GE: Not So Electric

Published on 10/08/18 | Saurav Sen | 2,612 Words

The BuyGist:

  • Ousted CEO Flannery’s job was to make GE lean and mean.
  • He had identified what to cut and what to keep. The numbers (shown below) pretty much told the story. 
  • Suddenly, last week, Flannery was shown the door. 
  • New CEO Larry Culp is supposedly a turnaround specialist, as he demonstrated during his time at Danaher. 
  • I suspect he’ll stick to most of Flannery’s plan. But there is one major departure I’d like to see from him. 
  • The third quarter earnings call is on October 25th, 2018. 
  • If he does what I think he should do, GE will need to be reevaluated.  

Why this article?

GE has been on the Watchlist for a couple of quarters now. The original intention was to evaluate if it was a good conduit for the Buylyst Wager that Renewable Energy will continue increase its share in the world’s energy stack. But GE didn’t make it to The Buy List because it was too overpriced at over $17/share at that time. Since then, GE’s stock price has declined substantially – by more than 20%. There is more margin of safety now between The Buylyst valuation and the current stock price to warrant a closer look. In fact, a week ago, when I decided to write this worldview, there was more than a 20% upside based on The Buylyst valuation. But I, along with the entire market, was blindsided by the sudden change in CEO. The stock shot up more than 7% that day. The market seemed to think that the new CEO – Larry Culp – will work wonders. Ousted CEO Flannery’s time has been turbulent, partly due to lingering problems from his predecessor and partly due to market conditions.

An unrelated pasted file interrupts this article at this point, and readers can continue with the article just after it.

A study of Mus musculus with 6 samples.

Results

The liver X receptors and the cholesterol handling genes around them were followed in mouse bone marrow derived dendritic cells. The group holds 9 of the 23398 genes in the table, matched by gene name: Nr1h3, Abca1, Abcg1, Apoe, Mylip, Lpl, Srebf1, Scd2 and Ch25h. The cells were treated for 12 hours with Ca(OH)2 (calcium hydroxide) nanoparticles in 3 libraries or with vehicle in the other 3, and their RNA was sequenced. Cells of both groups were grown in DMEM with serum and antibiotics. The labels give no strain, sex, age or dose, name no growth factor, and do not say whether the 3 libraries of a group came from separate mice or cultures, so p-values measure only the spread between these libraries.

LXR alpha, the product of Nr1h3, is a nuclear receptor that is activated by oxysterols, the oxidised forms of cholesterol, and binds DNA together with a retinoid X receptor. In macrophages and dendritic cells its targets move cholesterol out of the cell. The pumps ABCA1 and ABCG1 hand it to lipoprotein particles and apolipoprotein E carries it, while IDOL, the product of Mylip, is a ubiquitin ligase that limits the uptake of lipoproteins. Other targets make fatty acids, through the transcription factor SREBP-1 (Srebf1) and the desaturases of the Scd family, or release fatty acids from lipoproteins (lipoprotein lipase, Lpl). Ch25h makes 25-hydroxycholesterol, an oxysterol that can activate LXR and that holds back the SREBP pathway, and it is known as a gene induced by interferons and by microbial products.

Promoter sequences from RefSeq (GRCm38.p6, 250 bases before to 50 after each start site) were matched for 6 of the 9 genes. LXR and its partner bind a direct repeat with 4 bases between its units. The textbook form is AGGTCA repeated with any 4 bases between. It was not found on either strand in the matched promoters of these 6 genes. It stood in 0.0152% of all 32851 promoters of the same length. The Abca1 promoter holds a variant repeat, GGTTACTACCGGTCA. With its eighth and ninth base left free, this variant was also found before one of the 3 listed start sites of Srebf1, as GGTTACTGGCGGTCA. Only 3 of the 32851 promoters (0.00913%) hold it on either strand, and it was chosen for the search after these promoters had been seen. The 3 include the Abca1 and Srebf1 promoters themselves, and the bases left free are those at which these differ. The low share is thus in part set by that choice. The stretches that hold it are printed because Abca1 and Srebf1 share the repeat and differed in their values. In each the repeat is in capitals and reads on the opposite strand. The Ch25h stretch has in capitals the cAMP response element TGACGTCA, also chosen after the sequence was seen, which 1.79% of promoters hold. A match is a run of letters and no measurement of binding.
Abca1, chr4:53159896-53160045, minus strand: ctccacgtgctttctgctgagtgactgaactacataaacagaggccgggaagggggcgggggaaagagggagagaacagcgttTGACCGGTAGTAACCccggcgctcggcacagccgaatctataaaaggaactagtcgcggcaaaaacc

In terms of market conditions, The Buylyst Wager in Energy is playing out – fossil fuels are slowly but surely being replaced by Renewable Energy in the Power Stack. But GE hasn’t been able to harness this tailwind. The overall Wind Turbine market has seen a decline in prices over the last year. I’ve discussed why this price decline is happening. But apart from that, GE has had a hard time competing with Wind Turbine stalwarts like Vestas and Siemens-Gamesa. In the Power segment – where GE makes turbines for Natural Gas power plants – it has seen a massive decline in demand since 2017. Needless to say, GE’s Power business has been suffering.

It’s not all bad. There are some bright spots in this venerable American institution. Its Aviation business has been strong. GE is one of 2 or 3 market leaders who dominate the industry. The Moat is wide. The Healthcare segment is very healthy too (pardon the wordplay). At the end of the day, GE is a mix of both high performing and declining businesses. Investing in it means taking the good with the bad. But ousted CEO had laid out the groundwork for ringfencing the good parts of the business from the turds. He wasn’t given an opportunity to execute that plan. We don’t know how much of a departure new CEO Culp’s plan will be.